As an endurance athlete, you should not overlook the importance of protein in your diet.
Sadly, in our society, we tend to go from one dietary extreme to another when it comes to eat this, don't eat that. Therefore, when one macronnutrient is heavily emphasized or de-emphasized, it's easy to overlook other important nutrients that are necessary to optimize health and athletic success.
In the wake of some pretty extreme, unhealthy and unrealistic eating habits among endurance athletes, it's important for athletes to understand that a low energy and/or low carbohydrate diet is not healthy or performance enhancing.
Certainly "low" can be defined differently among athletes and nutrition experts.
Seeing that protein supports muscle and tissue growth, assists in immune system health, helps with tissue structure and supporting enzymatic reactions and fosters healthy endocrine functioning, without sufficient protein in your diet, your active body can suffer.
Therefore, any athlete who is following a low energy or low-carb diet should take the necessary steps to fine-tune the diet to ensure that dietary protein intake is adequate (otherwise, health and performance issues could arise).
I'm not advocating low-carb or low energy diet but if you choose this dietary route, be sure to not skimp on dietary protein.
Here are a few take-home dietary messages:
- If you are intentionally trying to lose weight, you will want to focus on the higher end of your protein needs to preserve lean muscle mass as you lose body fat.
- On longer duration or high intensity workout days, daily protein needs should be higher to optimize training-induced muscle adaptions.
- For all athletes, don't miss out on the great opportunity to recover post workout by including protein with your post workout snack or meal.
- Although the recommendations for post workout carbs/protein will vary based on the individual, workout intensity/duration and fitness goals, here are a few suggestions for post workout fueling:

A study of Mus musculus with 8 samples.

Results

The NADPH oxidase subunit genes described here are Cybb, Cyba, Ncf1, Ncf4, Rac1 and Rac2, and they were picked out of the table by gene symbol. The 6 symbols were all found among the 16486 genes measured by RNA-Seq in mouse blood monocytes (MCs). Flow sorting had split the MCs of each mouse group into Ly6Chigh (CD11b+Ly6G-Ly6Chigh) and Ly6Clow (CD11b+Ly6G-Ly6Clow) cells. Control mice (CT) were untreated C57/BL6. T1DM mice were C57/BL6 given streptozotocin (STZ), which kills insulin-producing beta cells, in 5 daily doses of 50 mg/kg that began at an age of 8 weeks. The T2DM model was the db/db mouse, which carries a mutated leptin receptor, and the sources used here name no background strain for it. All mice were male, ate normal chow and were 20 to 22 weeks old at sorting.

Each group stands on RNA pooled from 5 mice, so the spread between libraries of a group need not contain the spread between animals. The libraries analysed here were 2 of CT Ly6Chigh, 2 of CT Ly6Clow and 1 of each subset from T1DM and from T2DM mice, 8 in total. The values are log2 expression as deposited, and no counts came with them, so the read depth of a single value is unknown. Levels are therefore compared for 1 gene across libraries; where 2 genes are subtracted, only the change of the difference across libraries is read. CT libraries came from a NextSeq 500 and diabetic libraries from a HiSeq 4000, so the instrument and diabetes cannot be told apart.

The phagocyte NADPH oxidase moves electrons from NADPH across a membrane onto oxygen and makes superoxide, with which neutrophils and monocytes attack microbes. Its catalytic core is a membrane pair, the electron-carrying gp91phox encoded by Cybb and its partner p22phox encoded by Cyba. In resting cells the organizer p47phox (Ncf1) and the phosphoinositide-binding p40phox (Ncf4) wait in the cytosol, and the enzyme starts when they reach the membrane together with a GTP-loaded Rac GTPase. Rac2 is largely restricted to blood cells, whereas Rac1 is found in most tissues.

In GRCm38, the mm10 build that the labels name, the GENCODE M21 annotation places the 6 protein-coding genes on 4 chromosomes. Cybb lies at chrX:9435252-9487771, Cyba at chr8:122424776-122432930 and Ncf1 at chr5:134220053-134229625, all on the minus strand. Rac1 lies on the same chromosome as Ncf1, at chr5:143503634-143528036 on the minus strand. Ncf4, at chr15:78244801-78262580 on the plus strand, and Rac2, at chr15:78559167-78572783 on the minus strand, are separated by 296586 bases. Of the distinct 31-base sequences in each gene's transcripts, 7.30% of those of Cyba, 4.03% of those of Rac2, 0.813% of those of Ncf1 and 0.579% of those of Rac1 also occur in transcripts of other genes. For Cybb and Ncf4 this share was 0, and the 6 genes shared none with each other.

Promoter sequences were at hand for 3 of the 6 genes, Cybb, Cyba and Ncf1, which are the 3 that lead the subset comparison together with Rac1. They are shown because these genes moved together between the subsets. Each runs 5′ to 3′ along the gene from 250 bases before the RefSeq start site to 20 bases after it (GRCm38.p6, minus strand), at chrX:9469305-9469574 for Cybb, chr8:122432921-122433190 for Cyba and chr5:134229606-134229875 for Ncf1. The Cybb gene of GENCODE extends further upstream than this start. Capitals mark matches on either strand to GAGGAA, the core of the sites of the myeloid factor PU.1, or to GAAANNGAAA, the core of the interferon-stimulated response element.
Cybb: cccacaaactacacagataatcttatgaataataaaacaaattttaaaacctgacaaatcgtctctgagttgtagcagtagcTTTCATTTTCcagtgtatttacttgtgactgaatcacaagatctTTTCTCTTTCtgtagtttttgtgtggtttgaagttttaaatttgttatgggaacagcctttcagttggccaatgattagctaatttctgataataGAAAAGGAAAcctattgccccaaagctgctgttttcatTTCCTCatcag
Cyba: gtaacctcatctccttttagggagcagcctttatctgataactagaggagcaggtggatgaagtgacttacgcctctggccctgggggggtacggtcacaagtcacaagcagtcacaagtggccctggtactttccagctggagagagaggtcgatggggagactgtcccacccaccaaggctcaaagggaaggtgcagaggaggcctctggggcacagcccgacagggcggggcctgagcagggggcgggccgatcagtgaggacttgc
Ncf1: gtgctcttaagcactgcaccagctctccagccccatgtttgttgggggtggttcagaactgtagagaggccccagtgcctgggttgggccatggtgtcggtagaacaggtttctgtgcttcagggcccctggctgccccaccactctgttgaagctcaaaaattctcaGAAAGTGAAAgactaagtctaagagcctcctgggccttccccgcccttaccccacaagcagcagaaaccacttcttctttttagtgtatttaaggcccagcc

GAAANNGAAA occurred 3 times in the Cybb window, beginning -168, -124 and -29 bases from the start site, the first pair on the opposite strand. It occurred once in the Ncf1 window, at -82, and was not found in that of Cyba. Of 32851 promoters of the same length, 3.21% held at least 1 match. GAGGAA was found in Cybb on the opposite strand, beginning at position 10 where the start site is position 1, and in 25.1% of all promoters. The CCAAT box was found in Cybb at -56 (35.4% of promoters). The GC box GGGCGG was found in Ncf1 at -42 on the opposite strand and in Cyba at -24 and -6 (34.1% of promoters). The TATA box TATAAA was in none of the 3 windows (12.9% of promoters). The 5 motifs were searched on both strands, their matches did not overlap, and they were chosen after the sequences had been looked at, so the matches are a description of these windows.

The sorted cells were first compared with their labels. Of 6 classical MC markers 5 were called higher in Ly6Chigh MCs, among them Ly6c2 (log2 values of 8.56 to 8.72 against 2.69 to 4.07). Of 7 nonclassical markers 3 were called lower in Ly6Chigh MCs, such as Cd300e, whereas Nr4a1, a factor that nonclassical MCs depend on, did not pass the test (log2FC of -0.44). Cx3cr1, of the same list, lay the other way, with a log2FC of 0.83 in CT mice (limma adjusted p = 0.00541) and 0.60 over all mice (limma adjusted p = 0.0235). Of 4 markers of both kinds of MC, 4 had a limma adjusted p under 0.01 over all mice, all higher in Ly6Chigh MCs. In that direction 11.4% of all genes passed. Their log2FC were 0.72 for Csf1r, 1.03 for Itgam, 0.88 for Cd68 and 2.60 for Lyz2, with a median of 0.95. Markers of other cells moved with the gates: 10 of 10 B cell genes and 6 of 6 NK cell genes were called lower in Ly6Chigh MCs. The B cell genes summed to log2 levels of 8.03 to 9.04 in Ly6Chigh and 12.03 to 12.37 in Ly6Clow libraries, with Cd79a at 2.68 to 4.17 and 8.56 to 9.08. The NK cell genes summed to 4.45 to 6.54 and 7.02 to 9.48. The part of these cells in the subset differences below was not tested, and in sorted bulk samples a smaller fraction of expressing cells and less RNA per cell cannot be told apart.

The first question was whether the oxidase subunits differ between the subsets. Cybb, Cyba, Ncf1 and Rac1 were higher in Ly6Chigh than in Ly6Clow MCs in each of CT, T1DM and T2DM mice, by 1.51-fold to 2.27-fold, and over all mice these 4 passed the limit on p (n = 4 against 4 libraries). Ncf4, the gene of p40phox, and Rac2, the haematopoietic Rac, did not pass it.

At your next meal, aim for around 15-25g protein and 40-60g of carbs. As an example, 2 eggs + 1 egg white (or 3 ounce lean meat) + 3/4 cup oatmeal + 1/2 cup berries + 1 tbsp maple syrup + 1/2 ounce chia seeds.
If only eating a meal (and no post workout snack), aim for 25-30g protein and 50-90g carbs. (higher end of protein and carbs after long duration or very intense workouts)
These are guidelines, not rules. Certainly, it is important that you find the best combo and nutrient timing that works for your workout and life regime.
- As an athlete, it is important to get familiar with the best (and easy to find, prep and consume) sources of protein and carbs in your diet so that recovery nutrition is not an afterthought but instead, easy to execute on a daily basis.
(For the record, I am absolutely not anti-fat but for the purpose of this blog, I am specifically focusing on protein in the athletes' diet).
- It's important to spread your total protein intake out throughout the day (example 25-30g each meal) so that each meal helps to fulfill your total protein intake needs. Plus, protein (along with fat) increases satiety which can help with overeating and cravings.
- If your typical breakfast is oatmeal and fruit or toast with avocado and an orange, add 3/4 cup Greek yogurt, 20-25g vegan protein powder, 2 egg whites + 1 whole egg or 4 ounce lean meat or fish to your meal for a more balanced meal with adequate protein.
Organic 1% milk
I also get protein from nuts, seeds, nut butter, chia seeds, hummus and grains.
Are you eating enough protein in your diet?